High blood pressure falls into peripheral vascular disorders, and is defined as blood pressure of 140/90 mmHg for at least two times.
The main reason why blood pressure rises is unknown; however, some factors increase the risk of developing high blood pressure. These predisposing factors are heredity, gender, age, race, obesity, salt sensitivity, alcohol consumption, oral contraceptive pills and sedentary life.
Classification of High Blood Pressure
High blood pressure is classified into primary and secondary types:
In primary hypertension, the cause cannot be determined as it appears gradually.
In secondary hypertension, underlying conditions cause blood pressure. As such, blood pressure emerges suddenly. For example, kidney diseases, adrenal gland tumor, oral contraceptive pills, decongestants, or drugs like cocaine and amphetamines fall in this category.
High blood pressure has no symptoms in most cases; many people are unaware of their high blood pressure for years, take no action to treat it, and suddenly realize they have it.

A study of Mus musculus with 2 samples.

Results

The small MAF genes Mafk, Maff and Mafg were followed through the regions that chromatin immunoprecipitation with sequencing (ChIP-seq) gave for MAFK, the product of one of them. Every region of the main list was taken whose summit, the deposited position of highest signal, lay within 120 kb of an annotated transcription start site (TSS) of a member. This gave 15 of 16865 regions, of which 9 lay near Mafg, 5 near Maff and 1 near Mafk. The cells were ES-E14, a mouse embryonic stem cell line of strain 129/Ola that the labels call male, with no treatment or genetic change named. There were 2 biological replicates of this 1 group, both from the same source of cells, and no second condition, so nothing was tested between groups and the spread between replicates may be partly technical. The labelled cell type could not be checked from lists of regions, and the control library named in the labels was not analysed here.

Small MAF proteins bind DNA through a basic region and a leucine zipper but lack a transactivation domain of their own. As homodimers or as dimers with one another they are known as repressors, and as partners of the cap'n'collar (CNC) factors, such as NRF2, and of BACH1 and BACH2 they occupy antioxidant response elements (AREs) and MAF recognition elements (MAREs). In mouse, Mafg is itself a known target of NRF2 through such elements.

Ocular Manifestations of Hypertension
High blood pressure leaves destructive impacts on the ocular system and makes the treatment complicated, costly and sometimes impossible. The most important complications of hypertension occur in retina; while other parts of the eye are not spared, e.g. a sudden rise in the blood pressure, especially in young people can cause changes in the vessels and choroidal pigments, though it has no special effects on vision. Moreover, acute increase in blood pressure can sometimes rupture delicate conjunctival vessels and even cause subconjunctival hemorrhage; of course, this bleeding is commonly absorbed within weeks and needs no special treatment.
It is noteworthy that in people with diabetes, hypertension can exacerbate complications of diabetes in retina (diabetic retinopathy). Therefore, since controlling blood pressure in diabetic people is highly important, it should be taken seriously.